Wednesday, January 16 at 7 pm
Wilfrid Laurier University
“Trench Strafing, Tactical Bombing and Isolating the Battlefield: The Battle of Amiens and the Royal Air Force, August 1918″
The Battle of Amiens, the great Allied victory of August 1918, featured the greatest concentration of aircraft to support any land battle during the First World War. Aircraft were tasked to fly air superiority, interdiction and close support missions. It was the first thoroughly modern and comprehensive application of air power on the battlefield and would set the standard for future air operations in both the First and Second World Wars. This talk will examine the tactical innovations developed and applied at Amiens.
Location: Laurier Military Centre, 232 King Street North, Waterloo
Cost: Free (no need to RSVP)
For more information, or questions, please contact:
Thursday, February 7 at 7 pm
The Gregg Centre for the Study of War and Society, University of New Brunswick
“Undiscovered Victory: 1st Canadian Division in Central Sicily, July 1943“
Shortly after Operation Husky concluded in Sicily, 1st Canadian Division’s historian, J.B. Conacher, wrote that the “campaign consisted of a series of brigade ‘shows’ and usually the brigade in action only committed one battalion at a time.” Canadian regimental histories echo Conacher’s separation of the battle into “tribal” stories of high adventure in mountain towns like Leonforte, Assoro and Agira. When these dramatic components are woven together their significance comes into focus. By accident and design 1st Canadian Division found itself at the centre of the climax in central Sicily. The historical battle over which side emerged most successfully still rages.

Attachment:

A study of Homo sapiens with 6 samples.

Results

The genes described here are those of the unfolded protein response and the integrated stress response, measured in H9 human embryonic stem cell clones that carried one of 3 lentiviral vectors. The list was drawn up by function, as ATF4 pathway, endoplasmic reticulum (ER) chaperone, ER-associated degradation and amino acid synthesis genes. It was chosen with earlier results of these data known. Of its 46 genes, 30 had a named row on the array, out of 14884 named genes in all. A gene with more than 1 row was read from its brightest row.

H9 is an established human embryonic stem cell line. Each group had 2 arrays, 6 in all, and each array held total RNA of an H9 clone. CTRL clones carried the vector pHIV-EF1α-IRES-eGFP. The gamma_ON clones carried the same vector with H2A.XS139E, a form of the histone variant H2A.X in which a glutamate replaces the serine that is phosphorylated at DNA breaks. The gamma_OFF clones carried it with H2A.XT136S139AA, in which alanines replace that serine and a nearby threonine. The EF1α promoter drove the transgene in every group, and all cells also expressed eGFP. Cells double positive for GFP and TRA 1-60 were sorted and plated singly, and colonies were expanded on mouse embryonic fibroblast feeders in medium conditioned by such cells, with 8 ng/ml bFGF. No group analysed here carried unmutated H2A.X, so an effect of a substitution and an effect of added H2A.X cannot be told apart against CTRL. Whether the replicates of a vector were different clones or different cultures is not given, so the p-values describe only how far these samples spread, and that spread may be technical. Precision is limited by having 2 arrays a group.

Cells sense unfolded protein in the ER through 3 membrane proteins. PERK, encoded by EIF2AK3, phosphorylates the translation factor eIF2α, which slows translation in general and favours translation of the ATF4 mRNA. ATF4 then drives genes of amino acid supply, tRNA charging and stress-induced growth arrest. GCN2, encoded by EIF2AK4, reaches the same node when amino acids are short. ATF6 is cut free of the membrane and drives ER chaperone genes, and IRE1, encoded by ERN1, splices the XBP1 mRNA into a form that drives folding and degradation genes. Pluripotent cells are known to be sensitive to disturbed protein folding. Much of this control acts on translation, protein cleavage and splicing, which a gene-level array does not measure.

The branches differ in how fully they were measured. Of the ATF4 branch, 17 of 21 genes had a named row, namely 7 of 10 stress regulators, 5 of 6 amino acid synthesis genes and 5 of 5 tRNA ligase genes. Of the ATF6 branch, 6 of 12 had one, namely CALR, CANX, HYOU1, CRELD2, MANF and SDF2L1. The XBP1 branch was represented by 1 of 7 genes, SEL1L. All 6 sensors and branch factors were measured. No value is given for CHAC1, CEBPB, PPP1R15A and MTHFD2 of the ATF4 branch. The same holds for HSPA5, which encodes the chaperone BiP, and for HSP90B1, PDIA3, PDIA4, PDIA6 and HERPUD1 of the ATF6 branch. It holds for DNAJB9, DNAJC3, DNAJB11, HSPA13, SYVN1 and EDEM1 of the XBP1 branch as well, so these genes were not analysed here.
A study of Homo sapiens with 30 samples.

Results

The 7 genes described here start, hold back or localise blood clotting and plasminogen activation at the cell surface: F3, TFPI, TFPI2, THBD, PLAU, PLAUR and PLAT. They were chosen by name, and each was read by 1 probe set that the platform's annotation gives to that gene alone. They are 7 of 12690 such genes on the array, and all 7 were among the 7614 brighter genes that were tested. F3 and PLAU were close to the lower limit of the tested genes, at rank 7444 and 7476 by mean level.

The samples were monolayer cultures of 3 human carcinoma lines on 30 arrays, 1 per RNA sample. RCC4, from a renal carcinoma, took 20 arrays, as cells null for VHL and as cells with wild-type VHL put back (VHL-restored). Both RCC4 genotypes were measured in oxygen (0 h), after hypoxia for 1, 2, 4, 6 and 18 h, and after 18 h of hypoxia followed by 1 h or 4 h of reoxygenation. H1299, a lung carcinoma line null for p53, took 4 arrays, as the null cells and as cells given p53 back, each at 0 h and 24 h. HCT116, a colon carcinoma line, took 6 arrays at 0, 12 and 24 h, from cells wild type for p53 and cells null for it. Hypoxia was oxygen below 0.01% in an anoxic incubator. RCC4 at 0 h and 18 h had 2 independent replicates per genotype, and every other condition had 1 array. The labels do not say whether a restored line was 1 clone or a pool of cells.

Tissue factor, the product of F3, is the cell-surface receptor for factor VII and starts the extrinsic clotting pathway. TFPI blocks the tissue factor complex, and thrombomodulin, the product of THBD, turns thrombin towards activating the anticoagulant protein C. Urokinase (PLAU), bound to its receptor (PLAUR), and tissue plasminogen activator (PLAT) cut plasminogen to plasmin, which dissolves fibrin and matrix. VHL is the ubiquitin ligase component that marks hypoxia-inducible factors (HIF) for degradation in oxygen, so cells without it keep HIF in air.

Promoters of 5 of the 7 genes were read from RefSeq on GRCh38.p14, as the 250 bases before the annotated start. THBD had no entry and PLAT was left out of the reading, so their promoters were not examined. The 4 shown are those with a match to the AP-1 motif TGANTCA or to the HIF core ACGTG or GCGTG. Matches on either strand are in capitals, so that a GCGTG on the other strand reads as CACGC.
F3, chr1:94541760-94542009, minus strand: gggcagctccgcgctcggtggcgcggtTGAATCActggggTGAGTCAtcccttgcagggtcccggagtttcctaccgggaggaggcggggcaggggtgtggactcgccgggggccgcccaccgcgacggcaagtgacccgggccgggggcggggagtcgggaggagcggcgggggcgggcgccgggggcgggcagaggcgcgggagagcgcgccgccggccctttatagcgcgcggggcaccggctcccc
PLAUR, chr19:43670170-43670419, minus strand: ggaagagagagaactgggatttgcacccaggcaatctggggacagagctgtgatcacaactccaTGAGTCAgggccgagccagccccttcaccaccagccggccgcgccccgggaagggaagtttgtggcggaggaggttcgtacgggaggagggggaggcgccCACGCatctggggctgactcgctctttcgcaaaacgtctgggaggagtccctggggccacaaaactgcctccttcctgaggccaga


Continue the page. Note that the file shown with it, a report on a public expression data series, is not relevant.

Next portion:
Wednesday, March 13 at 7 pm
University of Waterloo
“The German Occupation of Zeeland in the Netherlands during the Second World War”
Remarkably few historians in the English-speaking world have explored what occupation was like under Nazi Germany in rural environments. This talk explores the development of German occupation in the dominantly agrarian Province of Zeeland from 1940-1944.
Wednesday, April 17 at 7 pm
Wilfrid Laurier University
“War in the Abstract: Art as a Window into Canada’s Military Past”
Art, in all its abstraction, has the ability to bring us closer than any other medium to understanding what it must have been like to experience war. Join Matt Symes as he examines art from the First World War held in the Beaverbrook Collection at the Canadian War Museum as well as other pieces held at the Library and Archives of Canada. From the famous members who went on to create the Group of Seven to the prolific but virtually unknown Mary Riter Hamilton, these spectacular images offer a sensory engagement in one of the most defining moments in Canadian history.